PACE — Morgan Hall will not be denied her goal of becoming a licensed dental hygienist and returning home to start her career.
The 2015 Pace High School graduate will finish the dental hygiene program at Tallahassee Community College (TCC) on May 1, apply for her license in July and hopefully start working for a dentist in Pace where she wants to live.
"It’s been a dream of mine since I was little," Hall says of working in dentistry. "I have always loved going to the dentist."
Hall did not let obstacles get in the way of her dream and she did not waste any time.
"When I found out that the waiting list for the PSC (Pensacola State College) dental hygiene program was two years long, I looked for another school," Hall said.
She found a program she liked at TCC and immediately enrolled and moved to Tallahassee.
That was two years ago.
Hall has met almost all the criteria to graduate and has taken and passed her National and State Board exams. The only things left to finish are her Clinical Boards and applying for a license.
The Clinical Boards may be a little difficult for her to complete because she decided to take that particular board in Pensacola.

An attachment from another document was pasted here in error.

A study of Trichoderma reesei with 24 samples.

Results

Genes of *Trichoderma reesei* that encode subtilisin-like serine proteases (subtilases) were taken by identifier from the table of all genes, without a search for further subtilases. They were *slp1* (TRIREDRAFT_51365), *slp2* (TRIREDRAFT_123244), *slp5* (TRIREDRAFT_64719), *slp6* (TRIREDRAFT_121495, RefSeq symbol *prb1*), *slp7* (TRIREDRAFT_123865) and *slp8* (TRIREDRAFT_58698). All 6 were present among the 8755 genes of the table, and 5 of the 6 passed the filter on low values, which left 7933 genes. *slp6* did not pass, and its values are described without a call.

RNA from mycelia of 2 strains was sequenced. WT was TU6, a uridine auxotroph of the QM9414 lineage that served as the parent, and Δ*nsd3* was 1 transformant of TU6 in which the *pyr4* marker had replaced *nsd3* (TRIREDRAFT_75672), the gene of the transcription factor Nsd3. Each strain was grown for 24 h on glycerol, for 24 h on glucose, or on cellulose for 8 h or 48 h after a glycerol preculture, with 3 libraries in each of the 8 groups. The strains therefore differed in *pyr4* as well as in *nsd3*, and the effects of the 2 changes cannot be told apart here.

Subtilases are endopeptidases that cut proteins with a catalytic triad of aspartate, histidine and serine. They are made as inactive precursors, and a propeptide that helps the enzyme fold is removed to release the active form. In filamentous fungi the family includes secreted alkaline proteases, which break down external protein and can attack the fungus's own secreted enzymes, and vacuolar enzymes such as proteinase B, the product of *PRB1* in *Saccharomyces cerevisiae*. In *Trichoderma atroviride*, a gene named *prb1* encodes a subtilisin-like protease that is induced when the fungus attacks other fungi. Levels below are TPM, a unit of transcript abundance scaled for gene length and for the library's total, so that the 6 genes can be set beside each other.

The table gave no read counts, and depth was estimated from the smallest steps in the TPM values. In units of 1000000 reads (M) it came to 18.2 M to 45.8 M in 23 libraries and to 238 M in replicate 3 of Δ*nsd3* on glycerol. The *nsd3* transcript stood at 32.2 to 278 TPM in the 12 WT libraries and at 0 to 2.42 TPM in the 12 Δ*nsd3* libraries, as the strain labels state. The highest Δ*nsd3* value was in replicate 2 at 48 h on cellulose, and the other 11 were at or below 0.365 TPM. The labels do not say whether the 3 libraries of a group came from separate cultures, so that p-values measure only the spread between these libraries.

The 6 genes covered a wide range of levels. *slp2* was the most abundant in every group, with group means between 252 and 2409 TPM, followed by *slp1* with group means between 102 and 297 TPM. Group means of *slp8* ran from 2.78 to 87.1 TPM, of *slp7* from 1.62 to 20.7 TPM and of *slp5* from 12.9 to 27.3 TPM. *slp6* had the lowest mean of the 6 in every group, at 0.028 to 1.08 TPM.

"For this board you have to find your own patient with fairly extensive calculus (a form of hardened dental plaque)," Hall said. "I don't know anyone in the local area like that."
Hall said TCC gave her plenty of patients to practice on while a student.
Recently Hall and other TCC second-year dental hygiene students conducted oral screenings for 59 athletes competing in the Leon County Special Olympics.
"We screened the athletes and cleaned their teeth, gave them oral hygiene instruction, wrote referrals if needed and gave them information on tobacco cessation," Hall said.
All second-year students have to work externships at TCC. Hall completed her work at a VA clinic, a pediatric dentist office, a periodontal office and a homeless shelter.
Hall's favorite part of the dental hygiene program was on clinic days. They would see two patients a day because each patient exam with a student hygienist and the instructor lasted about three hours.
"We mainly saw people without insurance," Hall said. "We charged them $10 for a cleaning and $15 for x-rays."
Her least favorite part of the program was studying for the National Boards. Hall said she studied four months to get ready for the 350-question test that took her six-and-a-half hours to complete.
"I'm way more passionate about dental work now," Hall said about finishing her dental hygiene program.